By Sloane M. Perron, Manager of Marketing Communications
Retired Holden Police Chief David Armstrong is Senior Advisor to Criminal Justice Operations at Anna Maria College. We had an opportunity to ask him a few questions.
What are some of the main questions Criminal Justice (CJ) students ask about the major?
We’re in a hiring crisis right now in criminal justice, so, I look at it as an unbelievable opportunity for our students here at Anna Maria. Back in 2008 during the financial crisis, it took seven years in the process to become a police officer for some of my students. We mentored them, but the employment opportunities back then were very limited. Now we have these wide-open opportunities in criminal justice professions that allow students to become anything they want to be if they do the right things. And that’s what we’re here for – to teach students to do the right things and educate them.
What advice do you have for CJ students as they pursue their degrees?
I always tell students to be mindful of their actions and the way they treat others. We try to give students basic guidelines and say, do not do anything that could cost you. CJ students need to be mindful of their relationships, driving records, and social media posts. Law enforcement will look into these areas when vetting job applicants during the hiring process. We talk about tattoos, which is a hot button issue since some departments and agencies still do not allow visible tattoos. We also discuss the legalization of marijuana and as much as it’s legal in some ways, it’s not hirable in others, especially in the federal government. It’s our job to make sure students think about all these aspects of the profession. These tips are also applicable for almost all professions and background checks. They are just good guidelines in general, but it is very important in the criminal justice field because departments and the public need to be able to trust the men and women they hire. Background investigations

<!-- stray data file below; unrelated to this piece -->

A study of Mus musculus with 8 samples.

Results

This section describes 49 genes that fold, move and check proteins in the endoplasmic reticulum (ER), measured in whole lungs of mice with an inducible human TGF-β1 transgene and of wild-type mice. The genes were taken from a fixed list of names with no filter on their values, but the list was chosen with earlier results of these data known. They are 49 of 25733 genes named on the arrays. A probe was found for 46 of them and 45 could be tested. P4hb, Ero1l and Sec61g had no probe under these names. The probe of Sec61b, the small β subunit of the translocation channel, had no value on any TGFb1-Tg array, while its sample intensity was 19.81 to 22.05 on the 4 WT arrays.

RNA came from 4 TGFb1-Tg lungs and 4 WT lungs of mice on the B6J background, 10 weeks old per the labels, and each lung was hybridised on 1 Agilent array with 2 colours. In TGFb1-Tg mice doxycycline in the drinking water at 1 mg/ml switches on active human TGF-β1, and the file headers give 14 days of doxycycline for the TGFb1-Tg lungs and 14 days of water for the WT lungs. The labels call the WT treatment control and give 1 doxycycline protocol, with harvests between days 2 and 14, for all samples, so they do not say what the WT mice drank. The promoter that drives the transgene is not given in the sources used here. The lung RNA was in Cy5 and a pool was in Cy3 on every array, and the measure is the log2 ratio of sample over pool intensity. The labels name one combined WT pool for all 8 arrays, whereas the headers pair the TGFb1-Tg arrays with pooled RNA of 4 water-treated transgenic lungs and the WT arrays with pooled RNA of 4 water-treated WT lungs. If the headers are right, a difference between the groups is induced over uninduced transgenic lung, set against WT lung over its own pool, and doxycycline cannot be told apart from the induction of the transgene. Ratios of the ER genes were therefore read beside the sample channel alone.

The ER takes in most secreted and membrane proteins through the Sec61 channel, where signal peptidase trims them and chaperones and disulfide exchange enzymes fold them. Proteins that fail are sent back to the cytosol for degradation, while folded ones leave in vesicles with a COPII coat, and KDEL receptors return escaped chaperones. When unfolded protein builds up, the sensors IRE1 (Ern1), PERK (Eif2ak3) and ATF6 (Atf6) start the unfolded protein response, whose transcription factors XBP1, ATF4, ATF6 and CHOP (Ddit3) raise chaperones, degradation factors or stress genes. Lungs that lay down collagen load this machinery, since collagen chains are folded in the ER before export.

What excites you the most about CJ and public safety careers in 2022?
I’m excited that there are so many options for students. I came from a time when there were no jobs. I would get on the Green Line in Boston to the Kennedy building, go up to the sixth floor, and look at job postings on the wall. Thanks to the internet and the current job market, finding a career is so accessible now. I’m excited for the future of our Anna Maria students.
What motivated you to enter the world of law enforcement?
Wow, that goes back a long way. I came out of high school, and I was looking at the military, but post-Vietnam military would not promise you a college education and other benefits. I became a tool and die maker, and I loved it. It was a great job, but it was a little isolating. I’m active, so I was drawn to the ideas of community and being social. I was the kid that never went away. I grew up in Holden and went to Wachusett Regional High School. I then got on as a part- time officer, then I became a full-time officer, and I was lucky enough to get promoted through the ranks, advance my education, and become Chief. To me, and other people, it meant a lot that the kid who was born in Holden became the police chief.
What was one of your proudest moments as Chief for the Holden Police Department before you retired?
One moment that really had a significant impact on me was the 25th memorial service for the late Paxton Police Chief Robert Mortell at Anna Maria College. Chief Mortell was killed in the line of duty on February 1, 1994. For the memorial service, I reached out to the Mortell family and some of the officers who were there when Bob was killed, along with members of the trial court. It was a nice sign off before I retired from the force, and I remembered saying to myself ‘Okay, I’ve been through this. I’ve pulled this all together’.
Then on my last day on the job, I had breakfast with the Life Skills kids from Wachusett at McDonald’s, and that was the perfect send-off for me.